Growlight summer camp is taking over Lincoln Road with 3D printed designs and innovative urban ideas. And it’s all being done by high school students from all over Miami-Dade County.
For its third year, Breakthrough Miami partnered with Florida International University’s Architecture School and hosted 15 students for a four-week program, which focuses on urbanism, design, technology and public policy.
The camp is held at FIU’s Miami Beach Urban Studios on Lincoln Road where students experience the area’s diverse history while learning design software programs that will help them develop a professional portfolio and a final project that’s presented to city hall.
“Our kids are smart,” said Justin Pinn, Breakthrough’s STEM and Success Academy Director. “They just don’t have access to these resources. We try to cultivate the love of learning [STEM skills] and take away the scariness of it.”
Pinn says using 3D printers is another way of teaching students about architectural technology, how they can be entrepreneurs and working with other businesses in Miami. Students, some who had never been to Miami Beach, apply to be part of the program and receive transportation, food, and classes.
The program is taught by FIU architecture students who push Growlight participants to think about design and the way it impacts the world around them.
“We want these kids to get the wheels turning and see the endless possibilities,” said Pinn.
This year’s final project topic is ADA Accessibility. Students met with Miami Beach Commissioners to discuss some of the city’s issues related to equal access infrastructure for people with disabilities.
The teenagers researched around Lincoln Road and Miami Beach by asking people what the area is missing or could improve on to provide an inclusive environment.
“This project is exciting because I will be able to see the real-life application of the skills I’m learning and put them into play,” said Marco Lanz, 17, a senior from Belen Jesuit Preparatory School. “You need to build the best building possible and maximize the space to use it most efficiently.”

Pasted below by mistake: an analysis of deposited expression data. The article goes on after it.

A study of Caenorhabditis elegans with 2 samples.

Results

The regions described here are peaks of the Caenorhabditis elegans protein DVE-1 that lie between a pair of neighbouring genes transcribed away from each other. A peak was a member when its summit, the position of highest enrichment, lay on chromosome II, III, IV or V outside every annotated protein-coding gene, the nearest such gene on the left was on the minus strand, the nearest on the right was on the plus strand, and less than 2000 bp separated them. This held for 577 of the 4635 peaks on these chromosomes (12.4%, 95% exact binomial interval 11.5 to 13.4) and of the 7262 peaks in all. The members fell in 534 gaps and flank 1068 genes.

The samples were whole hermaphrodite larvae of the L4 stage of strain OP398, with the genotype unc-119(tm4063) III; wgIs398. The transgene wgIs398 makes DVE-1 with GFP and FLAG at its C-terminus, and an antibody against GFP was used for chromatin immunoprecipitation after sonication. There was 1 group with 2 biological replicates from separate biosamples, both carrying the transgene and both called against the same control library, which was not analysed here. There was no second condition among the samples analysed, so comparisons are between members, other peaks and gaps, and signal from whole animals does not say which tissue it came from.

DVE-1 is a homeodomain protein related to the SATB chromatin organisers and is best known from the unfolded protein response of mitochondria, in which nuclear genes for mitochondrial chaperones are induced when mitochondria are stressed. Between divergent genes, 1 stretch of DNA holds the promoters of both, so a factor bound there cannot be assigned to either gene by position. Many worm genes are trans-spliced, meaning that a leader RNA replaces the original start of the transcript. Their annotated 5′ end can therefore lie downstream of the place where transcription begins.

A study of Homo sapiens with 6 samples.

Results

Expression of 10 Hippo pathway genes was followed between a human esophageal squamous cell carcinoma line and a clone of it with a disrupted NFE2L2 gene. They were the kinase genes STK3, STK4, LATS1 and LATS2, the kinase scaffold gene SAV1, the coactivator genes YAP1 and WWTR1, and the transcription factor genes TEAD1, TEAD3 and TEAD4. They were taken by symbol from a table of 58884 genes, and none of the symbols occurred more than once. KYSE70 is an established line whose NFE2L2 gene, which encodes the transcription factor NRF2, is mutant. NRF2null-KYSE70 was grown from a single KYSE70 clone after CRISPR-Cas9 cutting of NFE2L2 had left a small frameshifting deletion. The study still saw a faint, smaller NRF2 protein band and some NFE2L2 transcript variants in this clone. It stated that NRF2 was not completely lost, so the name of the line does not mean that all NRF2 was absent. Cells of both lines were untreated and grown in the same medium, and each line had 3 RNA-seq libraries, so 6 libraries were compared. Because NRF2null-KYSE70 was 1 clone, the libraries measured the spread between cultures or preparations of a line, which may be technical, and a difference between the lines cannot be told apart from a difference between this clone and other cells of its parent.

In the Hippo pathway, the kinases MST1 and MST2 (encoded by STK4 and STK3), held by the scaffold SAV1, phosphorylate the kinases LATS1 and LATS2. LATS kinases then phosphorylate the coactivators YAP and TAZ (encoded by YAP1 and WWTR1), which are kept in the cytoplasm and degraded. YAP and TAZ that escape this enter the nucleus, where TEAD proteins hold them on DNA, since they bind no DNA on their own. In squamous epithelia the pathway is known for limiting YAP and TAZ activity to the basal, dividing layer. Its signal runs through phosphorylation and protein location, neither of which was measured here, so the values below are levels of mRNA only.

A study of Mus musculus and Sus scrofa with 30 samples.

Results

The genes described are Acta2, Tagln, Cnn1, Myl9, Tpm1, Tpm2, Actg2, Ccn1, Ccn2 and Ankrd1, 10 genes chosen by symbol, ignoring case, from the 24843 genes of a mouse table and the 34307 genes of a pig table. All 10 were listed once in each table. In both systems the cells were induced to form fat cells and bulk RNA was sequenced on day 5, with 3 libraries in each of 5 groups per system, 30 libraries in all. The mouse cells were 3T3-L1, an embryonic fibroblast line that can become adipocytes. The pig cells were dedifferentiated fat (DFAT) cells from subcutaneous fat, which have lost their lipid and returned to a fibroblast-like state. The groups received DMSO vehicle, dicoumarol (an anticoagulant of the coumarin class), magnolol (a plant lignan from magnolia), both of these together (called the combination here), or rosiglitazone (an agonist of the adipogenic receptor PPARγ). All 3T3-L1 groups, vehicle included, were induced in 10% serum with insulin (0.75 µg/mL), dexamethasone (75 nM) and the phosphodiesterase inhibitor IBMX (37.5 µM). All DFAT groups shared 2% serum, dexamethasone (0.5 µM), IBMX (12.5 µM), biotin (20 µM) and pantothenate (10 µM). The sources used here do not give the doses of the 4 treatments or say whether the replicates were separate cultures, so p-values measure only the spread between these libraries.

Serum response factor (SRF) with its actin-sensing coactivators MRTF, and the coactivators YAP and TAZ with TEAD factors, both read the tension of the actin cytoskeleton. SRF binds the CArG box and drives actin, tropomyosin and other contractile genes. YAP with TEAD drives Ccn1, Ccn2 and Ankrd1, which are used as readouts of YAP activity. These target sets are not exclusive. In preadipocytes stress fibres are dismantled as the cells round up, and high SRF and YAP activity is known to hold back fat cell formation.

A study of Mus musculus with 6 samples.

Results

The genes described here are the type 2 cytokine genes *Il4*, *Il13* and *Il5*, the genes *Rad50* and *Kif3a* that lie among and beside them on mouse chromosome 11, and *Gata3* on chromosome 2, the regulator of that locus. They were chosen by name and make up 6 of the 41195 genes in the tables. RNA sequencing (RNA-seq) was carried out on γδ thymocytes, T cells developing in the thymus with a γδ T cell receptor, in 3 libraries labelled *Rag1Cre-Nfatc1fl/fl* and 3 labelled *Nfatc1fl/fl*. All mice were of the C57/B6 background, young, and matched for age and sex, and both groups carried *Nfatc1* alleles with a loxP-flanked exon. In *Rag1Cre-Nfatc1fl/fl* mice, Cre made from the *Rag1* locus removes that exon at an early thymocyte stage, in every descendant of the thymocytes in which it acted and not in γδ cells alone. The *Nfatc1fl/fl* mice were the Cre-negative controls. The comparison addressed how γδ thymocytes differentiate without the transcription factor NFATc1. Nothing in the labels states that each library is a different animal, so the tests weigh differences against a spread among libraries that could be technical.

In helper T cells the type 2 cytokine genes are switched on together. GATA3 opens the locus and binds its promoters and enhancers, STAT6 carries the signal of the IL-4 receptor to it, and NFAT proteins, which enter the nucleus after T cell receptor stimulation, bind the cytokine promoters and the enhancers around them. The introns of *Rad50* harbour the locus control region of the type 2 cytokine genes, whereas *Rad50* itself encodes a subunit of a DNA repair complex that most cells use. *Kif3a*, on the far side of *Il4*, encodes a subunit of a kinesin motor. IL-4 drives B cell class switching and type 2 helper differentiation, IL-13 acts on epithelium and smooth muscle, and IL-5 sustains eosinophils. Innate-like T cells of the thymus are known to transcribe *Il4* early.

Growlight newcomer, Lanz wants to be a civil or biomedical engineer and is already looking at different universities across Florida. He believes the skills he’s learning this summer will help start his career and help him create proposals that will improve the city and aid people with disabilities.
“The point is to get exposure to every field,” said Sophia Cabral, 20, program instructor and FIU architect student. “Not only architects but politicians, so they can speak in front of them and present their project. Architects can be the problem solvers for the city.”
This is the second year Cabral teaches Growlight students, alongside another FIU architecture student William Valle Pinto, 21. He’s seen how some returning students have improved and shaped their career path thanks to the summer program.
One of those students is Renata Camiletti, 16, a future 11th grader at Design and Architecture Senior High in Miami. She thinks they are privileged for having the opportunity to talk to city officials.
“It was kind of intimidating,” recalls Camiletti about last year’s presentation. “We had all these serious adults at a big table, and we just got to talk. It was nice.”
Last summer, the students designed a bench for Lincoln Road. She remembers walking around the area and getting feedback from strangers on the street while getting inspired by the beach and Miami style. Camiletti and her colleague Daniela Ospina, 16, designed benches thinking of the sea.
“When I look back to my old sketches, I see all the drafts and know that I can learn from that now,” said Ospina, who will start 11th grade at the International Studies Preparatory Academy in the fall. “This is an amazing head start to the career I want.”